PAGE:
Benettons could cut stake in Autogrill business

FILE PHOTO: An Autogrill point is seen along the Grande Raccordo Anulare (Great Ring Junction) motorway in Rome

By Francesca Landini

MILAN (Reuters) -The Benetton family is open to a potential deal to expand Autogrill and may reduce its majority stake in the group, a source familiar with the matter said on Tuesday, adding that the family wants to remain a key investor.

Motorway and airport caterer Autogrill said earlier it was having talks with industry peers and reviewing its options after Bloomberg reported on a potential tie-up with Swiss duty-free retailer Dufry.

The Milan-based caterer is 50.1% owned by the Benetton family, which last week teamed up with U.S. investment fund Blackstone to announce a multibillion-euro bid to buy out infrastructure group Atlantia.

“The group is interested in exploring various strategic options, and to this end it is having talks also with sector participants to further promote the development of Autogrill and create value for all stakeholders,” Autogrill said in a statement.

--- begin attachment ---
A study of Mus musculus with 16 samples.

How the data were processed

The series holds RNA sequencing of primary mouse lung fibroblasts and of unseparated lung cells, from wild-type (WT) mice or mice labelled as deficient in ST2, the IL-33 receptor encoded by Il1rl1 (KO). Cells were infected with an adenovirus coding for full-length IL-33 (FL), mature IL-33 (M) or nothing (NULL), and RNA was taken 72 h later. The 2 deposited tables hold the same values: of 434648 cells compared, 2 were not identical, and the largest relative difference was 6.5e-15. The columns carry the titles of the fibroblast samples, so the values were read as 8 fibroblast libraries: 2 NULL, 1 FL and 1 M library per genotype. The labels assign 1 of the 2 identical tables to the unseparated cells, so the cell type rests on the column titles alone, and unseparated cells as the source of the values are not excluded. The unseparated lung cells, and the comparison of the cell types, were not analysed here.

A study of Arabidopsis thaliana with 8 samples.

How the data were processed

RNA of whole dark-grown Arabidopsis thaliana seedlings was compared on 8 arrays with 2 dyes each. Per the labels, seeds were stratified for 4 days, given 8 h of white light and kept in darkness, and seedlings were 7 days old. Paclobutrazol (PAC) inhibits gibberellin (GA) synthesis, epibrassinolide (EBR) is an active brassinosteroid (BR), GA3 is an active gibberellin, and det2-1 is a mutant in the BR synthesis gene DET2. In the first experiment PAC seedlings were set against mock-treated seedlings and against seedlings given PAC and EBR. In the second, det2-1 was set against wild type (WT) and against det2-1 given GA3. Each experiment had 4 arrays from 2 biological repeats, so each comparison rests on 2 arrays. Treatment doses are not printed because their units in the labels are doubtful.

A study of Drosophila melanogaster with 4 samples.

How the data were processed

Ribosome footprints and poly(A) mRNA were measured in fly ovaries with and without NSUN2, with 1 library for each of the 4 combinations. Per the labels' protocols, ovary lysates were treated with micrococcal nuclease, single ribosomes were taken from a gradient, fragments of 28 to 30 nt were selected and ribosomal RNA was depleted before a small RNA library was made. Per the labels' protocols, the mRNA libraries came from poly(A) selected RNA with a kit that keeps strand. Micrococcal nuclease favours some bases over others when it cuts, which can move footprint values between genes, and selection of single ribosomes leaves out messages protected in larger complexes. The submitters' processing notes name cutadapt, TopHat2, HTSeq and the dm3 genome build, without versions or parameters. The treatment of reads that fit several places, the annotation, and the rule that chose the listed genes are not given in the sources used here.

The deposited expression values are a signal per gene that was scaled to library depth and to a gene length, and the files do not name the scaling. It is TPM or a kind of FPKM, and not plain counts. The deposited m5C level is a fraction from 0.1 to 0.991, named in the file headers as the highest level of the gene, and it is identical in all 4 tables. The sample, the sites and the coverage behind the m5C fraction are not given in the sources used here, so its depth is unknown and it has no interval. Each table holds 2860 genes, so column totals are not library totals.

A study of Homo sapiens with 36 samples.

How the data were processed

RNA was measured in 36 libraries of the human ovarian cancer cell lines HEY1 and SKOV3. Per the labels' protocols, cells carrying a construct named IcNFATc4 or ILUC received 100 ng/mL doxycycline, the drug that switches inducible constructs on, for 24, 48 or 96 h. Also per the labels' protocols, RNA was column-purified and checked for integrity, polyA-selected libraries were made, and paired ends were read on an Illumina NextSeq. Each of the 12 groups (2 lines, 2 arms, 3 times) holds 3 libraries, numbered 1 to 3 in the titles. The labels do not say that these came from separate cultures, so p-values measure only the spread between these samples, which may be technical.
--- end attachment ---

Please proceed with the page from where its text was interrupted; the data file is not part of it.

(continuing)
There was no immediate comment from Dufry.

Shares in Autogrill rose more than 10% on Tuesday after the Bloomberg report said that Dufry was exploring a possible combination with the Italian group.

Autogrill operates in 30 countries and had revenues of 2.6 billion euros ($2.81 billion) in 2021. Dufry had turnover of 3.9 billion Swiss francs ($4.1 billion) last year.

In January the Benettons had said that Autogrill was among strategic investments for the family.

The source on Tuesday said that under the leadership of Benetton scion Alessandro the family was taking a more active approach in the overhaul of its economic empire. The source confirmed that the Benettons did not want to exit from Autogrill.

The possibility of a tie-up between Autogrill and Dufry also surfaced in June last year. At that time, both the Italian caterer and the Swiss group dismissed the idea of an alliance.